Why do trees topple over?

Published 9:00 am Saturday, January 22, 2022


Special to The Farmville Herald

One of our neighbor’s trees lays sprawled out in this picture and on top of another neighbor’s electric fence used to contain horses. It occurred to me that home gardeners could benefit from some discussion about why trees fall over and/or what we can do to prevent it.

Email newsletter signup

Let’s start with what we can see from the picture. This was an end tree with another Leyland Cypress of about the same size just to the right of it. Several others are also planted in a row to the right undoubtedly to serve as a wind break. Notice the root ball (where the dirt is attached to the roots) is almost flat. This can indicate that when this tree was standing, few or no large roots grew horizontally in the direction of the other trees in the row. Without larger anchoring roots, this tree is weakened. Now add to that the fact that this tree is known for growing a large canopy very quickly. It has a huge canopy and by comparison a small root mass. Since this tree has never been pruned, there is little opportunity for the roots to catch up. While the recent winds had a role to play in pushing this massive tree over, it was further aided by wet soggy soil that routinely collects near where the tip of the tree currently lays. Based on this case study, you likely have some ideals how to prevent such an occurrence, but here are a few to help you out:

• General rule of thumb, “Choose the right tree for the right location”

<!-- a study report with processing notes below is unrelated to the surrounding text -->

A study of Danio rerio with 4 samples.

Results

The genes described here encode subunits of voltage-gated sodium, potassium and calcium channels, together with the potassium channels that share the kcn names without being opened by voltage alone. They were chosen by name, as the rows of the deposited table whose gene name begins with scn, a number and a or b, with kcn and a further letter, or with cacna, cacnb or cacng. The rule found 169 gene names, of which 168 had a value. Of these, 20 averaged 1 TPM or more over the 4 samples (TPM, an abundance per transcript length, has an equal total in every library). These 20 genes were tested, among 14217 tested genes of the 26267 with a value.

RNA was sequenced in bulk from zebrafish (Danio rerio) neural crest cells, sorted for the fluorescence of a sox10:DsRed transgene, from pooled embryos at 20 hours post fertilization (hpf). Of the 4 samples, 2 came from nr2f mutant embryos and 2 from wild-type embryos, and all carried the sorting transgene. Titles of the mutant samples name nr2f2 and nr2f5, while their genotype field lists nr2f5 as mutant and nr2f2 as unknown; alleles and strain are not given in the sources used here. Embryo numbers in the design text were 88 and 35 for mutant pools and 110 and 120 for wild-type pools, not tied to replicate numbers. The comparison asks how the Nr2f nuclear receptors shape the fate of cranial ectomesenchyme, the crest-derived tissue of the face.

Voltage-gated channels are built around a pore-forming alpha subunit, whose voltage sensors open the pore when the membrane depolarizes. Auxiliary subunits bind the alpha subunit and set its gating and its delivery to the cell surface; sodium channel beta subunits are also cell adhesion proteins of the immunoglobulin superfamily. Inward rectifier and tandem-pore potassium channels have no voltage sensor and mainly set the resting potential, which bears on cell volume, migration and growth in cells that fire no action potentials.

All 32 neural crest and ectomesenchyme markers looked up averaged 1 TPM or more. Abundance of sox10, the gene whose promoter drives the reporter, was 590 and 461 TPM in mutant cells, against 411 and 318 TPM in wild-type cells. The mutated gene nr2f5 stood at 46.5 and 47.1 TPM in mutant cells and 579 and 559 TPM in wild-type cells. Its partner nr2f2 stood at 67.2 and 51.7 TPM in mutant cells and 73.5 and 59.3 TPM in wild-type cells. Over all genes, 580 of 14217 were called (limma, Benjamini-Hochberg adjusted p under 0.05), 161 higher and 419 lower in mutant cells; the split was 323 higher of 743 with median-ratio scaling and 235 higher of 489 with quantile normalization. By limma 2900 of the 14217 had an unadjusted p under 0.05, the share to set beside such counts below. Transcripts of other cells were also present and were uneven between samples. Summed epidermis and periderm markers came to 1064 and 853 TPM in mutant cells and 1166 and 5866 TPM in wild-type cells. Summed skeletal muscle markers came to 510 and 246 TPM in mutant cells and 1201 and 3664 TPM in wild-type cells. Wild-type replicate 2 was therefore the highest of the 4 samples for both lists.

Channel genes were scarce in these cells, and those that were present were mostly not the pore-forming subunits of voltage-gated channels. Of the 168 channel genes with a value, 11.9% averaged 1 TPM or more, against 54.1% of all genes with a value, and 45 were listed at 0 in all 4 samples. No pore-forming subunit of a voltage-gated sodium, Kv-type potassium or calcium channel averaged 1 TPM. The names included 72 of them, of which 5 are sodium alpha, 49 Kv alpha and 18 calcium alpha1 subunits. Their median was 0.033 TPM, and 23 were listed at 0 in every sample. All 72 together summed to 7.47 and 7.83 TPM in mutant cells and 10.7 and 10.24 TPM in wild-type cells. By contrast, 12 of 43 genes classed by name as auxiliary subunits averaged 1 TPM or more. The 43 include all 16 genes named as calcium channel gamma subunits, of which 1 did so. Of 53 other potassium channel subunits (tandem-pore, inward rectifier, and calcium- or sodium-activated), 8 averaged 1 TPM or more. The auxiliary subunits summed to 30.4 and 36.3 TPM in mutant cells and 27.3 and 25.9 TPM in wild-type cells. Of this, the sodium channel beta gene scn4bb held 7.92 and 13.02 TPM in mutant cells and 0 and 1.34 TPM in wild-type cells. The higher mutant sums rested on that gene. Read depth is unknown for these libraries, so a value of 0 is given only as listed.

• Encourage healthy root development, while some trees can thrive in saturated soil, most will not

• Space trees out so that the mature root mass will not be competing with other trees, roads, or other highly compacted areas

• Do not “Volcano Mulch” while mulch is great to hold moisture in the root zone (an area about the size of the canopy, but in the soil), creating a mound of mulch that buries the trunk or root flare, encourages rot and stress for mature trees

• Prune trees, especially when they are young, this creates less wind resistance while the roots develop

• If you want to provide additional fertilizer place it where the young tender roots are growing near the edge of the root zone not at the base of the tree

Fortunately, for our neighbor, this is not a fruit tree he planted and valued particularly. I could imagine how disappointing it would be to have waited 8 to 10 years for a pecan tree to produce only to have it blow over. Hopefully you are more prepared to Choose the right tree for the right location.